Red Grooms’ Ruckus Rodeo exhibition continues at the Longmont Museum, and on Thursday, November 7 is another cowboy related event is on offer at the Stewart Auditorium. An Evening of Cowboy Poetry and Song showcases Gary MacMahan, once described by Ramblin’ Jack Elliott as “the king of the cowboy singers”.
MacMahan originally hails from Greeley and has spent his whole life in the West, first hauling cattle alongside his father, then working as a cowboy, and ending up as an entertainer. Although he was a star in the rodeo arena, MacMahan now lives to write and perform his own songs and poems, laced with his special brand of humor. He has appeared at a long, long list of Festivals and Gatherings throughout the West, from the Pikes Peak Cowboy Poetry Gathering to the Monterey Cowboy Festival. He has even performed at the Australian National Bush Poets Gathering.
As a prolific and successful writer of poetry and song, not only has MacMahan created six albums but has seen many of his songs performed by other artists like Garth Brooks, Riders in the Sky and Chris LeDoux. And LeDoux credits Gary with providing him with great songs throughout his music career and described Gary as “our cowboy Bob Dylan”. Other MacMahan accolades have been “the Mark Twain of the West”, “a master storyteller and a peerless entertainer” and Ranger Doug of Riders in the Sky called Gary “the embodiment of The Cowboy Way”.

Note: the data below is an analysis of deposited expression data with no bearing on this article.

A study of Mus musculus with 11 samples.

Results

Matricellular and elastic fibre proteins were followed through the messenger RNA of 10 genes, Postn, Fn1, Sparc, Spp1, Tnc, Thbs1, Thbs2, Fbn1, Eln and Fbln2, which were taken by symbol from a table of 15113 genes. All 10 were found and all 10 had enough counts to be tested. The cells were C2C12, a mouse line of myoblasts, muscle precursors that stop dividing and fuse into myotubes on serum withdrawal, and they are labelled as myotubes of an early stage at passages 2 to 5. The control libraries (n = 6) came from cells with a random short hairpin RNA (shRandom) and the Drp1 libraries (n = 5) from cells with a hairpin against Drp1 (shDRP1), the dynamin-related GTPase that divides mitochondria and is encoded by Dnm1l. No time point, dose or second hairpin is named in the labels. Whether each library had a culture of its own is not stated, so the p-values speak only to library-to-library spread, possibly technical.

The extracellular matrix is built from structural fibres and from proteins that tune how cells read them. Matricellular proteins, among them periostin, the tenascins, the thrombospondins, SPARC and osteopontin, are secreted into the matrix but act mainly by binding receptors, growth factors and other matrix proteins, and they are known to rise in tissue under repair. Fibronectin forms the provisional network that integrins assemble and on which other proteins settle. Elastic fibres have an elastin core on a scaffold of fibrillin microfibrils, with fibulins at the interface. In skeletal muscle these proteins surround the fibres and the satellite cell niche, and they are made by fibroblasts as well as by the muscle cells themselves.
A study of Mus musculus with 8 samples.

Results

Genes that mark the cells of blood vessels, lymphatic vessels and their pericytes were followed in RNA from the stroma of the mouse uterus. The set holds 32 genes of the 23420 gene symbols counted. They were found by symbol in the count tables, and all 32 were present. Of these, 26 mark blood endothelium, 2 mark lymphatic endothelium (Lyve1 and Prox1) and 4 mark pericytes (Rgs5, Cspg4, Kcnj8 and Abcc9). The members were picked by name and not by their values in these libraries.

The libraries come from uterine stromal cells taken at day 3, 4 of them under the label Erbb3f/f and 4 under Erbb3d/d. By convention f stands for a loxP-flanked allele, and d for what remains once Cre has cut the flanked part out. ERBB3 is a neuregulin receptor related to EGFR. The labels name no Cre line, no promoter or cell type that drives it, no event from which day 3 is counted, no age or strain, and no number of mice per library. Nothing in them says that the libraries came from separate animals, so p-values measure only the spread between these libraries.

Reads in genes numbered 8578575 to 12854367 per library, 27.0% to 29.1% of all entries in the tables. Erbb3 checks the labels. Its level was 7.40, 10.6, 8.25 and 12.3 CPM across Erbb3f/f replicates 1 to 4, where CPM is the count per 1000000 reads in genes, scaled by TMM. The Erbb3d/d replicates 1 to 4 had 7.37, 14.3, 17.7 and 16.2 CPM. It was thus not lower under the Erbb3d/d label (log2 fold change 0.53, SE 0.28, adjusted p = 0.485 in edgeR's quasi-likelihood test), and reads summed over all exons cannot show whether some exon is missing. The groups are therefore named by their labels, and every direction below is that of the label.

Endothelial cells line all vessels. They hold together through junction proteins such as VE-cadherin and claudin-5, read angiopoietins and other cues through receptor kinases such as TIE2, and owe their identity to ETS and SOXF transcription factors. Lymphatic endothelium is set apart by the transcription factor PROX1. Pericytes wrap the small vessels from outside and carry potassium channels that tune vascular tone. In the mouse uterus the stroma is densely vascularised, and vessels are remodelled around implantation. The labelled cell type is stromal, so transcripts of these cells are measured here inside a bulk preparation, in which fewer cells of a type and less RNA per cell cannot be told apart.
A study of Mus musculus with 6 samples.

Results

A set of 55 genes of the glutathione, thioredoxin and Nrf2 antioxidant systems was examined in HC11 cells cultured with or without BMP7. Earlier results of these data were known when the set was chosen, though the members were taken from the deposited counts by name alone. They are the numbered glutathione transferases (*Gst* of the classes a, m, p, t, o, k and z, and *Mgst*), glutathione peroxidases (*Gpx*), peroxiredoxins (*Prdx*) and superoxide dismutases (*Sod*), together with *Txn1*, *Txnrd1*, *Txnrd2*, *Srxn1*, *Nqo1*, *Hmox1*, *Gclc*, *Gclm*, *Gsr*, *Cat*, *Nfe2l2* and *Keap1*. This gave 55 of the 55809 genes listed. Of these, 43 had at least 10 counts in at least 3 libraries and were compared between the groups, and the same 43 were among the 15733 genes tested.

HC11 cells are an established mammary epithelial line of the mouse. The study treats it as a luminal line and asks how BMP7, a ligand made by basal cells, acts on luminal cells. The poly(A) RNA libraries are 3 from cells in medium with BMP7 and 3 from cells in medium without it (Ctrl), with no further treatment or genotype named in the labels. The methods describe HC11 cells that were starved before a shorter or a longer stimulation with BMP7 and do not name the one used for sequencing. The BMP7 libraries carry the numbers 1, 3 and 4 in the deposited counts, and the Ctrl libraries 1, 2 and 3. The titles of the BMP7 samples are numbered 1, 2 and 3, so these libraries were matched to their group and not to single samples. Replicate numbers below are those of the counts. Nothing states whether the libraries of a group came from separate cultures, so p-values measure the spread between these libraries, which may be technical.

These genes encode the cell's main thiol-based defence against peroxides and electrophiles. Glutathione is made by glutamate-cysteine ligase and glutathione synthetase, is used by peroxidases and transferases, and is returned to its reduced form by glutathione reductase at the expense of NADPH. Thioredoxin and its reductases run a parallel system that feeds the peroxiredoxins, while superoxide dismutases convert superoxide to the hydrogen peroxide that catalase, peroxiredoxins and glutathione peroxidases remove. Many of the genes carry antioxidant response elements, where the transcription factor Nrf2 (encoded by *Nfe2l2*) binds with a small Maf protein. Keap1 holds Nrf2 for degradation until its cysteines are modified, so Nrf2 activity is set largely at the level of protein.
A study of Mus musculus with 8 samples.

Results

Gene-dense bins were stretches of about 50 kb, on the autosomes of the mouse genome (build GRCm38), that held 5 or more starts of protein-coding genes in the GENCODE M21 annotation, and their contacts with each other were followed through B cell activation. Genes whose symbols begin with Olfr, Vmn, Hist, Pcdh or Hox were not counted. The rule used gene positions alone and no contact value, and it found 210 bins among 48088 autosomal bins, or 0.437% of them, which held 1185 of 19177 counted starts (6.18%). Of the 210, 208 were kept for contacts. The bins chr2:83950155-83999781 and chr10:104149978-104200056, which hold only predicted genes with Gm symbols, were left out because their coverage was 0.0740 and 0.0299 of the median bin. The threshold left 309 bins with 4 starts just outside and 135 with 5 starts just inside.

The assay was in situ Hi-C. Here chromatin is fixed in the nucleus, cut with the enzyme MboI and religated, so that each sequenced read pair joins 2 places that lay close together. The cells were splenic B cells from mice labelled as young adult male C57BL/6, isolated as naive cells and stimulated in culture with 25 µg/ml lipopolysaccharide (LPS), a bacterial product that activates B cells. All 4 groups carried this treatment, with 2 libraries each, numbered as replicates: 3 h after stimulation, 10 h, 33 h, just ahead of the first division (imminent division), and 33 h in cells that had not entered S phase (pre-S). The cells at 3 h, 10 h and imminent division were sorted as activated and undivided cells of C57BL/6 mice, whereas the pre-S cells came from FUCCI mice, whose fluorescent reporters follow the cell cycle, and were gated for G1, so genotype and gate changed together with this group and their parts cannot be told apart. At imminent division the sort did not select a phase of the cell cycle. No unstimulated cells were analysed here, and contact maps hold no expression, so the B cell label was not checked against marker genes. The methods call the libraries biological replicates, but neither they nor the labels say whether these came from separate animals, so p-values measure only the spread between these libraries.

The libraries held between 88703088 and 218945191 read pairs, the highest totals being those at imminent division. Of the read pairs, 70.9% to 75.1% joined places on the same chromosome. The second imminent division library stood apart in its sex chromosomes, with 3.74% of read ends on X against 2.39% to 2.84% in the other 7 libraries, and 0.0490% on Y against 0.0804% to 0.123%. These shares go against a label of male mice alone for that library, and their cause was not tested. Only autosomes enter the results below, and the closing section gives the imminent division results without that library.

A long way from MacMahan’s early life when he found that he “never could stand those stinky greasy or cattle trucks” that his father ran out of Greeley. So he decided to work for the ranchers and cattlemen his father hauled for. Sometimes day work, then for the Eagles Nest ranch near Kersey and on and off for the Orr Cattle Company out of Kremmling and Granby. He even worked in Aspen “I managed the T Lazy 7 horse stables in Aspen for about 10 years where I drove slays and teams and took people on pack trips, fishing trips, steak rides, and hayrides. And people still remember the yodeling T Lazy 7 stagecoach driver who toured the town”. Next MacMahan had a horse outfit north of Fort Collins where he offered similar deals to tourists.
How did he decide that he was an entertainer rather than a cowboy? ”I started playing guitar at 12 years old and was entertaining by the time I was 15. I had written a couple of songs by then as well. I went to Colorado State University and majored in animal science then I went into the Navy as a medical corpsman from 1968 to 1971. I then went back to Cowboy for a year and got enough money to go to Nashville where I wrote songs for the next five years. I was always a cowboy and I was always an entertainer”.
MacMahan no longer calls Greeley home, and he lives “with my wife on a little patch over by Bellvue, Colorado. My kid is grown and gone and I still entertain for trail rides and ranch gatherings. I’m 71 and starting to slow down but I can still sing, entertain and Yodle in the cowboy way.”
So what to expect from MacMahan on Thursday evening in the Stewart Auditorium? Lots of songs, of course, and poems from his collection, both serious and humorous, that he has created over the years. And perhaps a few yodels? MacMahan has been named the National Champion Yodeler by the Western Music Association and also the Western Music Yodeler of the Year by the Academy of Western Artists, surely he will incorporate some into the evening’s entertainment.
For more information on Gary MacMahan and An Evening of Cowboy Poetry and Song, call the Longmont Museum at 303-651-8374 or check out their website at www.LongmontMuseum.org.